Another Reason for Referendum
If an independent arbitrator awards double-digit pay hikes to Chicago Police officers, there's a good chance the City Council will reject it, some aldermen said Tuesday.
During closed-door briefings on the status of police negotiations, aldermen vented their anger about the fact that public safety employees who account for 70 percent of city spending have been exempt from furlough days and other cost-cutting concessions.
Some aldermen also served notice that City Council ratification can no longer be taken for granted.
"The message given was, it is very likely the Council will reject any double-digit increases in pay for sworn personnel," said Ald. George Cardenas (12th).
- Some Chicago aldermen are suggesting a change in salary. There's growing support for a pay raise, but the general election may play a role in how much more money they get.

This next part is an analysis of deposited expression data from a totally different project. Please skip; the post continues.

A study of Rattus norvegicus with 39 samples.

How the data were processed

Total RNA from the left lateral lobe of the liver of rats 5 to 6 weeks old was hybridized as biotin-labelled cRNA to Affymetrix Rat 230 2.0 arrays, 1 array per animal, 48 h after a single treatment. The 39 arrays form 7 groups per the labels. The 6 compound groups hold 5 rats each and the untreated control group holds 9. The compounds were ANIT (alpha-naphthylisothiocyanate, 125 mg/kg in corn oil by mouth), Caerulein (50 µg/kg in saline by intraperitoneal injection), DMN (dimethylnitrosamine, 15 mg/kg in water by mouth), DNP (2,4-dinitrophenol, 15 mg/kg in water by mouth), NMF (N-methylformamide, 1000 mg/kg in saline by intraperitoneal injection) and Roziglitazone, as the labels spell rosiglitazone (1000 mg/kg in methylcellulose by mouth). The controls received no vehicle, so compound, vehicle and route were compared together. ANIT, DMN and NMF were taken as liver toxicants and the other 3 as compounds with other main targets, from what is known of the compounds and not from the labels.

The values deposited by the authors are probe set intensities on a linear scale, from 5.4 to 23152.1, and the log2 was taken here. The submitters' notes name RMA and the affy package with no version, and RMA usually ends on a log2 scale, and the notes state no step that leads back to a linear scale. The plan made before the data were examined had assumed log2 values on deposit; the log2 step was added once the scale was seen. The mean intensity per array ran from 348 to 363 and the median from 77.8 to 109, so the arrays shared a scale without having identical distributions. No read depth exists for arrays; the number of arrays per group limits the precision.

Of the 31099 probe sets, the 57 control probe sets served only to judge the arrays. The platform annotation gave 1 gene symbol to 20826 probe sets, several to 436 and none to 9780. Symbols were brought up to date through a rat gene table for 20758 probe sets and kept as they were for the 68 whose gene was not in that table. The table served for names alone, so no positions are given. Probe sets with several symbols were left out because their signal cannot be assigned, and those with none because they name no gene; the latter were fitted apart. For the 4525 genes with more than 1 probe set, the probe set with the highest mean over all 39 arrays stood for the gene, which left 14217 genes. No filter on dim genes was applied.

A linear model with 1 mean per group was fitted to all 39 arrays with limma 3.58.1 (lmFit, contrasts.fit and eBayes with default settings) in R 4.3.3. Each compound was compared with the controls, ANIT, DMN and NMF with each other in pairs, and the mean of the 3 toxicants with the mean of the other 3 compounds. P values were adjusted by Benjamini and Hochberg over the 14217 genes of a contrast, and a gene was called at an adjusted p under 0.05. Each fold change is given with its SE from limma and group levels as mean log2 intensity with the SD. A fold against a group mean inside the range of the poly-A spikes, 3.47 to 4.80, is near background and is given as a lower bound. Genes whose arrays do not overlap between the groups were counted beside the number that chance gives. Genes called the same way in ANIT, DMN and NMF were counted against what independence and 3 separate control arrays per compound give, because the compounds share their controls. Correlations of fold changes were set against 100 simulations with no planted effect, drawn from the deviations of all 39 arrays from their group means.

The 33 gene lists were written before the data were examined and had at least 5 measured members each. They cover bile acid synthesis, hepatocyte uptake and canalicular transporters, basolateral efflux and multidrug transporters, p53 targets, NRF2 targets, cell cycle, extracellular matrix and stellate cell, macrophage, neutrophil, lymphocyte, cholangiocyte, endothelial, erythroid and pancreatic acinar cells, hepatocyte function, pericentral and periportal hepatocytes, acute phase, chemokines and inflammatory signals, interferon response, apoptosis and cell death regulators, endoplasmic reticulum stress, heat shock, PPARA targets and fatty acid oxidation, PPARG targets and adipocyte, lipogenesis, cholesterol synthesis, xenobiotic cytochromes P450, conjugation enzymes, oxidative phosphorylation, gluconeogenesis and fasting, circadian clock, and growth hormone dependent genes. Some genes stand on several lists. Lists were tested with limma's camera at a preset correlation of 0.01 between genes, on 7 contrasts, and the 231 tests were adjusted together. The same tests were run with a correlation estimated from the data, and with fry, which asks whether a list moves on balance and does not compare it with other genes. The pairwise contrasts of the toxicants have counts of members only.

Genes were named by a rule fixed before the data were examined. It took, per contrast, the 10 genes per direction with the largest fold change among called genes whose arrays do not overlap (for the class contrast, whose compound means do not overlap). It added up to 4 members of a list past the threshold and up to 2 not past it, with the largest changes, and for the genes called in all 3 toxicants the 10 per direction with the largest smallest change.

Chicago aldermen make $98,000 a year for jobs that are technically part-time. However, most council members said they work 24/7 and they deserve a raise. Under state law, they have to vote on salary issues before the election, which forces them to make controversial decisions now. Those decisions can be used against them by opponents come February.
Cost of living seems to be a fair request to most Chicagoans.
[...] The cost of living this year is around 4%. Last year was 5.7%. So it might actually average out at $5,000 over the next four years. That's harder to attack politically than the fixed amount. So we'll see how it plays out over the next few weeks.